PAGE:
West Central Tribune
(320) 235-6769 customer support
Willmar Minnesota 2208 Trott Ave. SW / P.O. Box 839 56201

Seven months after taking office amidst a religious-like faith that he was the one (or even The One) we had been waiting for, President Barack Obama is beginning to resemble a shooting star.


Yes, two years into Ronald Reagan's first term economic forecasts also were bleak, but Reagan's faith was in tax cuts and allowing the American people to re-start the nation's economic engine. Obama's faith is in higher taxes, more spending and government to not only start the engine, but also build the engine.

An indication of how quickly Obama's shooting star may be burning out is the failure of a White House appeal to the president's massive email list to get fired up about health-care reform. Obama's people thought the youthful enthusiasm of the presidential campaign could be transformed into an army that would roll over opposition to its policy initiatives. So far, that army has been AWOL, apparently preferring to live real lives rather than be caught up in the phony posturing and preening of Washington politicians and bureaucrats.

"What exactly is our problem with government spending?" asks American Enterprise Institute President Arthur C. Brooks in a recent Wall Street Journal column. "It is not just that we think it is wasteful and ineffective (although most recognize this to be true). Americans actually think the government makes it harder for people to get ahead in life."

Brooks is right. Most Americans see government as a last resort, not a first resource. They want it to protect us from foreign dictators and domestic charlatans who would injure or destroy our liberties. The preservation of liberty allows individual citizens the opportunity to advance toward the highest levels of achievement consistent with their skills and persistence. The growing opposition to President Obama comes from people who see his administration as making it more difficult to receive the "blessings of liberty," as our Constitution's Preamble so elegantly put it. It also said "we the people," not "you the government."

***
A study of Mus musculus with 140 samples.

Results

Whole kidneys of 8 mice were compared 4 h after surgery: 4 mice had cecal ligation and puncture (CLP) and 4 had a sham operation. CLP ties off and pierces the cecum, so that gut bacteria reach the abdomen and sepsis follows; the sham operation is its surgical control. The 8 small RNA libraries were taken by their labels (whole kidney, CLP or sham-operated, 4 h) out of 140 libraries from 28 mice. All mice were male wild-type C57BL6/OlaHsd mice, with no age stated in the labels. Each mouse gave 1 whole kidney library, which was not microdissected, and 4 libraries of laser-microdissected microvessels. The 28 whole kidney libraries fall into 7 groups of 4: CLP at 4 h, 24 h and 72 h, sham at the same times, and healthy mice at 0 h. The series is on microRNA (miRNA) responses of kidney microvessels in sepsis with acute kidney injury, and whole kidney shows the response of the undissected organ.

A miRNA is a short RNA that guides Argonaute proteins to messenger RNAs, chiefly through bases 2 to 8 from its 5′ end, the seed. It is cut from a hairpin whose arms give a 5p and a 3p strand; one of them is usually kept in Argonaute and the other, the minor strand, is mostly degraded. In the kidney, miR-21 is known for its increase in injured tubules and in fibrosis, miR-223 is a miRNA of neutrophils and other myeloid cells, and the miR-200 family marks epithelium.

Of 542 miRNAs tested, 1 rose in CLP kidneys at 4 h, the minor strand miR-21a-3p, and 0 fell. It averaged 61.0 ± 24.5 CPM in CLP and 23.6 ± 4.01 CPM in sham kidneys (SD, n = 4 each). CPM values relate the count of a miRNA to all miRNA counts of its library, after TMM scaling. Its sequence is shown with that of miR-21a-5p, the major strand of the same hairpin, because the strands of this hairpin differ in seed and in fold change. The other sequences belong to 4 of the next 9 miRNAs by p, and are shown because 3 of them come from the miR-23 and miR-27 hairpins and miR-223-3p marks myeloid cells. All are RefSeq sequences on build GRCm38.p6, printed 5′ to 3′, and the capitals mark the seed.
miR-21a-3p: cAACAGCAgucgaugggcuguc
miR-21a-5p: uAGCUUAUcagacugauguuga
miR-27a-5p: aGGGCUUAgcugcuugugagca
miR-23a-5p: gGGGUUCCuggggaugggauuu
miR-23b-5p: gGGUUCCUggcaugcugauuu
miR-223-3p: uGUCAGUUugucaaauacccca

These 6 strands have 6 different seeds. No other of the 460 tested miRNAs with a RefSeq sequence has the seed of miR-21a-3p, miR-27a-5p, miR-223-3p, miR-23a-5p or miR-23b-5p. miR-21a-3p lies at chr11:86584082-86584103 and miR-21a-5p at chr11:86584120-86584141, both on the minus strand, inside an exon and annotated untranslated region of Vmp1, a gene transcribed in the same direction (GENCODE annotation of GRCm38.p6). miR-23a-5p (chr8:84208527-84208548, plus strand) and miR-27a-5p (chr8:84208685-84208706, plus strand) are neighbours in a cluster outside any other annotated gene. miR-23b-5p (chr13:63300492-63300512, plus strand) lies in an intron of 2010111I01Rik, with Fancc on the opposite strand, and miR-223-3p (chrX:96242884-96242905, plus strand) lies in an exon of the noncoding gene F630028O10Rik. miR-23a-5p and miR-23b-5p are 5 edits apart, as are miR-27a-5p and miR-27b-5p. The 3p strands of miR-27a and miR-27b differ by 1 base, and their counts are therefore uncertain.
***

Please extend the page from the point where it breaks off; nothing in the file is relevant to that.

The Founders wanted government to be small, responsive to the people and attentive to their hunger for liberty. They did not conceive the unresponsive monstrosity we now have, that is unproductive and unattractive. It is a bipartisan affliction as we saw when Republicans controlled all three branches of government and too many appeared out for themselves rather than the public interest.

Another Gallup Poll has found that self-identified conservatives now outnumber self-identified liberals in all 50 states. More Americans now say they are conservative than have made the claim in any of the last four years. If conservatives and Republicans (not always the same) are to take advantage of Obama's declining approval numbers, they must fashion a message that begins not in Washington, but in the heart of every individual.

I have a suggestion. Unlike Obama's "Yes We Can" slogan of the last campaign, how about "Yes YOU Can"? The rebuilding of the country can begin when more of "we the people" realize that real power lies within each of us and not in Washington. Where are the political leaders to deliver this message? A nation turns its lonely eyes to you.

Cal Thomas' e-mail address is cthomas@wctrib.com.